Testing in fetal death or stillbirth

    Chromosomal microarrays have also replaced karyotypes as the recommended diagnostic test in evaluating tissue from a fetal demise. In addition to greater sensitivity, chromosomal microarrays do not require cultured cells. This has long been a major problem in studying miscarriages, as witnessed by a disproportionate number of 46, XX results, a reflection of unwitting laboratory analysis of maternal cells. It is difficult to avoid maternal admixture (decidua) in cultures of products of conception. With chromosomal microarrays, however, DNA alone from identifiable fetal tissue (villi) will suffice to generate results, without need for cell culture; thus, the percentage of informative cases has greatly increased (90%).

    Next: Pearls and pitfalls of genetic screening

    ACOG recommends that if only a karyotype were possible, cell culture should be initiated from amniotic fluid obtained by amniocentesis. This should maximize the rate of successful cell culture required for a karyotype.

    Prenatal diagnosis procedures in maternal infection

    Practice Bulletin 162 appropriately counsels that transmission of chronic maternal infection to the fetus is increased if an invasive procedure is performed in a mother who has hepatitis B, hepatitis C, or human immunodeficiency virus (HIV). However, risks can be mitigated. The once prohibitively high rate of maternal to fetal transmission in HIV is now greatly decreased when affected women receive combination antiretroviral therapy. In the study on which Practice Bulletin 162 recommendation was based, 30 of 2528 fetuses (~1% of ART-treated HIV) women were infected.8 Notwithstanding this 1%, Practice Bulletin 162 states that the risk of “newborn infection is not increased after amniocenteses, maternal viral load is low or undetectable.” A recommendation is made, however, to perform the necessary invasive procedure once viral loads are undetectable.


    Practice Bulletin 162 states that loss rates following an invasive prenatal diagnostic procedure should now be communicated to be 1 in 769 for amniocentesis and 1 in 455 for CVS. For most practitioners, these new numbers will be more in sync with their clinical impressions. Also transformative in Practice Bulletin 162 is that chromosomal microarrays and not a karyotype should be ordered whenever an invasive prenatal procedure (CVS, amniocenteses) is performed. This holds whether evaluation is for a miscarriage or stillbirth.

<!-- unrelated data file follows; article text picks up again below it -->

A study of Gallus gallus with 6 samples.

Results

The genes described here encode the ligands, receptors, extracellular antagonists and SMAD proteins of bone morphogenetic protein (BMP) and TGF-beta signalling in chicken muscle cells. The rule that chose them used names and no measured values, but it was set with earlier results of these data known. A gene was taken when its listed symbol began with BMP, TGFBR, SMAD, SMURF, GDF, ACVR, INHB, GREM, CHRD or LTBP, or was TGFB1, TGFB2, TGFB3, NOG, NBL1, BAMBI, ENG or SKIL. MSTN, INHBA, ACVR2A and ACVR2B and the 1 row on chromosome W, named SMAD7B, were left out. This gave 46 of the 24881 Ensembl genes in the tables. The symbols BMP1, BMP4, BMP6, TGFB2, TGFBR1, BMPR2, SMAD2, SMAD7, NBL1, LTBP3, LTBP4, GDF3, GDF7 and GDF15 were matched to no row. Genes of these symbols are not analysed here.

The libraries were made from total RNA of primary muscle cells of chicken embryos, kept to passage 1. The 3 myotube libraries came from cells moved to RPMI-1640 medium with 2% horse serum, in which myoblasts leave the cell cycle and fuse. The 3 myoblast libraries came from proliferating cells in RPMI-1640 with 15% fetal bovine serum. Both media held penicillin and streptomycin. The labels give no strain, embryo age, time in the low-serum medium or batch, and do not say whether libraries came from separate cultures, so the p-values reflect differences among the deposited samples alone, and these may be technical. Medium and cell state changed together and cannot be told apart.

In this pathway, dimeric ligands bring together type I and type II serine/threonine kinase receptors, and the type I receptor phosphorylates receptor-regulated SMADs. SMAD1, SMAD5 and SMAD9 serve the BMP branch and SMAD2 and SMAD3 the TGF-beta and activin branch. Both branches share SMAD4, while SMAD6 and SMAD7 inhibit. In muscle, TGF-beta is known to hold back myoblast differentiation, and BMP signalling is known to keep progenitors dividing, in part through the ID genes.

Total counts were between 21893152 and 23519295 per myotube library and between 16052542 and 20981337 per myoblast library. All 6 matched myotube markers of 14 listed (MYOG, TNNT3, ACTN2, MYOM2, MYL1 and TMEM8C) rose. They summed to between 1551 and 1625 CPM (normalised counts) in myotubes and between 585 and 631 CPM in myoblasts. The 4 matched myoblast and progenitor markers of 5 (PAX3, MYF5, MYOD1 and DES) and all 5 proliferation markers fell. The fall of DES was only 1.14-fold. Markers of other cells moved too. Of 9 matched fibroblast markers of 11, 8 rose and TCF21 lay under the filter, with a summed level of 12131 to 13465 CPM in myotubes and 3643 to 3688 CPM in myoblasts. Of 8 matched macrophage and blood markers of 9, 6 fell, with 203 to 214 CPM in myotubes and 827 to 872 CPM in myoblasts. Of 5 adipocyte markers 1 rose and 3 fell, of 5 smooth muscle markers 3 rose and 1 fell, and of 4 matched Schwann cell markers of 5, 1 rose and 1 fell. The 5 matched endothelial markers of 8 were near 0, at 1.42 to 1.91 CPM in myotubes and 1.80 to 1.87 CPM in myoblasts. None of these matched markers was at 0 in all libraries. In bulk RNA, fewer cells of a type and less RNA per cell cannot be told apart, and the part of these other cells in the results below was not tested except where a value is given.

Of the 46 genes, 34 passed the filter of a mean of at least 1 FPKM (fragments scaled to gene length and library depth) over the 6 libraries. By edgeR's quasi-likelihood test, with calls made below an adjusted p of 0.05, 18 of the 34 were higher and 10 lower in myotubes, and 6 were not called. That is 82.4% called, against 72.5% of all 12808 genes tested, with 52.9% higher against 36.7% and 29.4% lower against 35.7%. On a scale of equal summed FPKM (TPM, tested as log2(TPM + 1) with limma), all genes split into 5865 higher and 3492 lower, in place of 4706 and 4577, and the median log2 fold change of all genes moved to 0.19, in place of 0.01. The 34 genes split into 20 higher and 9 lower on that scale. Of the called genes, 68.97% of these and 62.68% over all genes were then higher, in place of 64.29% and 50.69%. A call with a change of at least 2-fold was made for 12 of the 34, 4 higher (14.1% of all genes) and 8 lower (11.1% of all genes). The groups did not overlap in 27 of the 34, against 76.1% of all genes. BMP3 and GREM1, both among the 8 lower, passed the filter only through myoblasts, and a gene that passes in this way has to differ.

1. Akolekar R, Beta J, Picciarelli G, Ogilvie C, D’Antonio F. Procedure-related risk of miscarriage following amniocentesis and chorionic villus sampling: a systematic review and meta-analysis. Ultrasound Obstet Gynecol 2015;45:16–26.

    2. Kuliev A, Jackson L, Froster U, Brambati B, Simpson JL, Verlinsky Y, et al. Chorionic villus sampling safety. Report of World Health Organization/EURO meeting in association with the Seventh International Conference on Early Prenatal Diagnosis of Genetic Diseases, Tel Aviv, Israel, May 21, 1994. Am J Obstet Gynecol 1996;174:807–11.

    3. Botto LD, Olney RS , Mastroiacovo P, Khoury MJ, Moore CA, Alo CJ, et al. Chorionic villus sampling and transverse digital deficiencies: evidence for anatomic and gestational-age specificity of the digital deficiencies in two studies. Am J Med Genet 1996;62:173–8.

    4. Odibo AO, Gray DL, Dicke JM, Stamilio DM, Macones GA, Crane JP. Revisiting the fetal loss rate after second-trimester genetic amniocentesis: a single center’s 16-year experience. Obstet Gynecol 2008;111:589–9

    5. Borgida AF, Mills AA, Feldman DM, Rodis JF, Egan JF. Outcome of pregnancies complicated by ruptured membranes after genetic amniocentesis. Am J Obstet Gynecol 2000;183:937–9.

    6. Wapner RJ, Martin CL, Levy B, Ballif BC, Eng CM, Zachary JM, et al. Chromosomal microarray versus karyotyping for prenatal diagnosis. N Engl J Med 2012;367:2175–84.

    7. de Wit MC, Srebniak MI, Govaerts LC, Van Opstal D, Galjaard RJ, Go AT. Additional value of prenatal genomic array testing in fetuses with isolated structural ultrasound abnormalities and a normal karyotype: a systematic review of the literature. Ultrasound Obstet Gynecol 2014; 43:139–46.

    8. Mandelbrot L, Jasseron C, Ekoukou D, Batallan A, Bongain A, Pannier E, et al. Amniocentesis and mother-to-child human immunodeficiency virus transmission in the Agence Nationale de Recherches sur le SIDA et les Hepatites Virales French Perinatal Cohort. ANRS French Perinatal Cohort (EP F). Am J Obstet Gynecol 2009;200:160.e1–9.